One by one, the four and five-year-old girls leapt off the diving board into the water. Meanwhile, my five-year-old clung to the pool’s edge and sobbed to the swim coach. I’d enrolled my shy daughter in swim class to help prepare her for school, and therefore I did not intervene.
I simply sat on the bench next to the locker rooms and observed. But minutes passed, and her crying did not stop. I walked over to my bag and fetched the beach towel. Sitting back down, I opened it, and my daughter scrambled out of the pool and clung to me, soaking the knees of my jeans.
I held her until she relaxed and then asked if she was ready to try again. She did try again, but immediately started crying just like she had before. I told the swim coach we were calling it a day. In the locker room, I helped her out of her swim suit and worked the snarls from her hair. Frustration welled up inside me. I wasn’t proud of it, but it was there. I’d tried so hard to find a social activity that would benefit my daughter physically, too, and for those first five swim classes, I’d thought this was it.
We were passing the lobby’s tea station when my daughter squeezed my hand three times, signifying, “I. Love. You.” Tears stung my eyes. I glanced down at her and squeezed back four times, signifying, “I. Love. You. Too.”
Wordlessly, we walked out of the YMCA. My daughter extended her arms to the sky and cried, “Mommy! I can feel the rain!” I lowered the umbrella so I could feel it as well.
I assumed, when we got home, that the rest of the day would go smoothly. It didn’t. The afternoon plummeted when my five-year-old still wouldn’t calm down. So, I ironically yelled, “You are out of control!” and struck the hallway’s wall with my open hand.
My hand stung. I backed away from the wall as if it’d been my child’s face. I went to the couch and sat down. My five-year-old must’ve sensed a shift because she came out of her bedroom and clambered up on my lap. She looked at me with those same red, tear-swollen eyes that had observed me when she was six months old.
Looking at her, I thought, I’ve failed. She’s five years old; she’ll remember this. I turned on my pregnant side and ugly cried for a good ten minutes.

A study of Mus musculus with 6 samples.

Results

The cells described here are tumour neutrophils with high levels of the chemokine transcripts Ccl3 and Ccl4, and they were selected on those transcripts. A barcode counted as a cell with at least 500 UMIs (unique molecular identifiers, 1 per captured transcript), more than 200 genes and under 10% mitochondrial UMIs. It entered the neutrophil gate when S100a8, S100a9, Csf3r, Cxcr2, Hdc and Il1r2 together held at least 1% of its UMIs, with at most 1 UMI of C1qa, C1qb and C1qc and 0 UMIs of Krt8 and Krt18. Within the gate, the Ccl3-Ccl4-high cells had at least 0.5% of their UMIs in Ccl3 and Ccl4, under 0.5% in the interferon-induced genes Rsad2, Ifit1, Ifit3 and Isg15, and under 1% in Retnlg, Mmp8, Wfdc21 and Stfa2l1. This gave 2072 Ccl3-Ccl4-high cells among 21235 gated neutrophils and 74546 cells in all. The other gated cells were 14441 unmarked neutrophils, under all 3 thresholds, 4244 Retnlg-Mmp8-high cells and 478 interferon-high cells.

My daughter was so alarmed that she patted and rubbed my back. Hopping down, she went to the bathroom and returned with a wad of toilet paper. She wiped my tears and unzipped my sweater—all things that I do for her whenever she’s crying.
I held her on my lap again and said, “Sometimes Mommy doesn’t know how to be a good mommy. Sometimes Mommy messes up. I shouldn’t have reacted out of anger like that.”
She nodded, still watching me with those somber brown eyes. I then clutched her and prayed God would help me be a good mother. I prayed He would help me measure my words and not raise my voice: my default whenever I’m stressed.
The next day, my husband and I noticed that our five-year-old wasn’t hearing well. On Monday, it got so bad, she couldn’t hear us ask her a question when we were eating supper at the kitchen table. I made a doctor’s appointment to get her hearing tested. Turns out, she didn’t have an ear infection but just a massive accumulation of ear wax.
But, even after using the ear cleaning kit, her hearing didn’t return to normal. All week, I had to measure my words while speaking to her. I had to touch her arm so she would look at my lips as I spoke. And then, on Wednesday, when my daughter’s hearing started improving, I started losing my voice. Now, not only did I have to touch my daughter’s arm and speak carefully to communicate, I also had to whisper.
It’s been three days since I lost my voice, and I still sound like a man. But I am grateful. I must choose each word that comes out of my mouth, and whenever I do speak, I think of those words entering my daughter’s ears and sensitive spirit, and it teaches me to guard my tongue, which can bring life or death, depending on how I use it.
Have you ever lost your temper as a parent? How did you learn to rein it in?